Life after GBS for Youth and Teens

By Diana Castro, MD


Diana Castro
Diana Castro, MD

Despite recovery of muscle weakness in most children, many patients experience persistent fatigue, pain and anxiety/depression.  These symptoms can be incapacitating and can affect academic and social development.  

The mechanism underlying post-GBS fatigue is unclear.  Fatigue can be secondary to stress and psychological factors.  Other possibilities are deconditioning due to the lack of physical activity or side effects from pain medications.  Exercise programs directed by physical therapists, especially water therapy, have been shown to be useful in reducing fatigue.

Pain is not as common in young children compared to adults, but it can be present in teenagers and young adults. Pain can be neuropathic in origin, often described as burning, stabbing  or electric. Chronic pain post-GBS can also originate from the muscles, especially lower back and limbs, or in the joints. Muscle and joint pain can be attributed to immobility, and neuropathic pain may be caused by regeneration of the nerve. It is very important to keep pain well controlled, as this will allow the patient to continue physical and occupational therapies, which are fundamental  in the recovery phase. Medications that can be used to treat neuropathic pain include: anti-seizure medication (gabapentin, pregabalin and carbamazepine) and antidepressant medication (duloxetine, amitriptyline).  Muscle pain can be managed with non-steroidal anti-inflammatory drugs (ibuprofen, naproxen), muscle relaxants (cyclobenzaprine) or topical agents (lidocaine patches).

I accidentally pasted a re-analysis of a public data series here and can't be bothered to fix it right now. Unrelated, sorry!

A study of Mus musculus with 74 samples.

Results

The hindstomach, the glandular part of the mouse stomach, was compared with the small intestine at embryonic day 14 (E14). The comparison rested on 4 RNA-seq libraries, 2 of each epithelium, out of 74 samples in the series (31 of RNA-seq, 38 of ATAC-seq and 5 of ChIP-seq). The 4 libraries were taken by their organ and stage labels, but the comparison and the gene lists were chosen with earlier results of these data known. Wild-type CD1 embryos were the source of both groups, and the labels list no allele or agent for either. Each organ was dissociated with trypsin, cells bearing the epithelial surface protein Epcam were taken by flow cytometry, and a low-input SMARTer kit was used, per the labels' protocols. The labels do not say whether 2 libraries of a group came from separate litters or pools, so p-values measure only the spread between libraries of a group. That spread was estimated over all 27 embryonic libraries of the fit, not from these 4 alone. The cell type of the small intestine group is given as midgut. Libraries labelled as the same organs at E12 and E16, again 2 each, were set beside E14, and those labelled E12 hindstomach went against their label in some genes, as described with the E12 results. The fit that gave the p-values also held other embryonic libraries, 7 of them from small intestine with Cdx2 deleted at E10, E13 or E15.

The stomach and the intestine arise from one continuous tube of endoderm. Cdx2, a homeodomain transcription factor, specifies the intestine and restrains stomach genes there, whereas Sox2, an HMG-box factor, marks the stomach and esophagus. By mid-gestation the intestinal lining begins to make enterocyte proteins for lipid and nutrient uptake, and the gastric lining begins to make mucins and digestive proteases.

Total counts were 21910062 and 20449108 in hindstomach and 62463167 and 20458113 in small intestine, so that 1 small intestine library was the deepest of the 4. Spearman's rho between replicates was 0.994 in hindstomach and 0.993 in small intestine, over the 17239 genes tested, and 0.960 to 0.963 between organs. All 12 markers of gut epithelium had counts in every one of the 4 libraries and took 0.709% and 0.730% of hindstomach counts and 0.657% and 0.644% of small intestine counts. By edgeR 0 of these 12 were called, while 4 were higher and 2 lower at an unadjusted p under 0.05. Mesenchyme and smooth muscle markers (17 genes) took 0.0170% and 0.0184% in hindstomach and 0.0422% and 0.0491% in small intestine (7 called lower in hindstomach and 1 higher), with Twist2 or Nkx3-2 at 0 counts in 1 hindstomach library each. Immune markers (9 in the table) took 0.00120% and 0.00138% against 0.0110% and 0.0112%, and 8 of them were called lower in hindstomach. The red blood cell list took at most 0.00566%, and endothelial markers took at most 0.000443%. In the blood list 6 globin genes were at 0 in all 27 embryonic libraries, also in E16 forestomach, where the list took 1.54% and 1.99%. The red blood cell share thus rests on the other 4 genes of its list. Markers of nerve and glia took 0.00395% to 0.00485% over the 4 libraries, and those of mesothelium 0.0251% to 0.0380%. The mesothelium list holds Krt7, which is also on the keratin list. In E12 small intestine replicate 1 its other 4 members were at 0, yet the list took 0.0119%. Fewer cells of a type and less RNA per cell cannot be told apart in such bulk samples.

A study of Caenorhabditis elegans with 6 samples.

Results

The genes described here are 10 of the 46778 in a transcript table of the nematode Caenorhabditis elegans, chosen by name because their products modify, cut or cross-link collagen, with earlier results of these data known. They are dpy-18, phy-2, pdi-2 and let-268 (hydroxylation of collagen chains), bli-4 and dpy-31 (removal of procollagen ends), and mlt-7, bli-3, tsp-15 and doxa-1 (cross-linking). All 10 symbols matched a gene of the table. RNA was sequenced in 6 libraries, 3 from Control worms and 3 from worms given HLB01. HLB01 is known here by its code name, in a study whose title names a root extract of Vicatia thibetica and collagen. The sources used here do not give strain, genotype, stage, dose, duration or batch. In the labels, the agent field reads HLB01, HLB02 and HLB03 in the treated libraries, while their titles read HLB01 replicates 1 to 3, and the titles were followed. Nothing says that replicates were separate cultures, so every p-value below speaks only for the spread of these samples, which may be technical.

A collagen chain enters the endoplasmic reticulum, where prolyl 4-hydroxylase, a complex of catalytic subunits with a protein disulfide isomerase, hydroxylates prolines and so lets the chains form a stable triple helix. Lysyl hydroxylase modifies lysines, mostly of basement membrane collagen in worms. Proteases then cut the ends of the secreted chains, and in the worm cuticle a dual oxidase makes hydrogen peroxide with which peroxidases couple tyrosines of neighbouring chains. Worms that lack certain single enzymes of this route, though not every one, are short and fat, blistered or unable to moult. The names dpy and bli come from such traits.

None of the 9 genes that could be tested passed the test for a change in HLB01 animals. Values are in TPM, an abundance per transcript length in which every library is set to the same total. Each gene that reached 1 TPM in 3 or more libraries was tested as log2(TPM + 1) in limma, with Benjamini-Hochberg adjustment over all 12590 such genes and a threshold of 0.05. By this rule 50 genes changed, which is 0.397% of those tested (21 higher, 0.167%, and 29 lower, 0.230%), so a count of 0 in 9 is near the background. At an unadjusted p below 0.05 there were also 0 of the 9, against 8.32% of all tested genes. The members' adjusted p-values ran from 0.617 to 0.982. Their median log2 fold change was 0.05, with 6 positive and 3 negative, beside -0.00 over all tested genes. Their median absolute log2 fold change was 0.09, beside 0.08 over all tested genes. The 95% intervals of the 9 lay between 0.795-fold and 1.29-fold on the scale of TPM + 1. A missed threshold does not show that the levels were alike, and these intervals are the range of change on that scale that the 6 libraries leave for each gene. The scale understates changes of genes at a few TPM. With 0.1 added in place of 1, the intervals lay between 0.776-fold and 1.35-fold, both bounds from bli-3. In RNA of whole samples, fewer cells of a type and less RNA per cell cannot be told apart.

Anxiety and depression are most likely due to the sudden and rapid loss of physical function, often in previously healthy individuals. Early identification and treatment of psychological symptoms is vital in the recovery of patients with GBS. Some of the medication used to treat neuropathic pain can also control symptoms of anxiety and/or depression. Regular psychologic support should be part of the overall management.

It is worthwhile to remember that most patients will have significant , if not, total recovery.  Medical team, family and community support are essential in assuring the best possible outcome.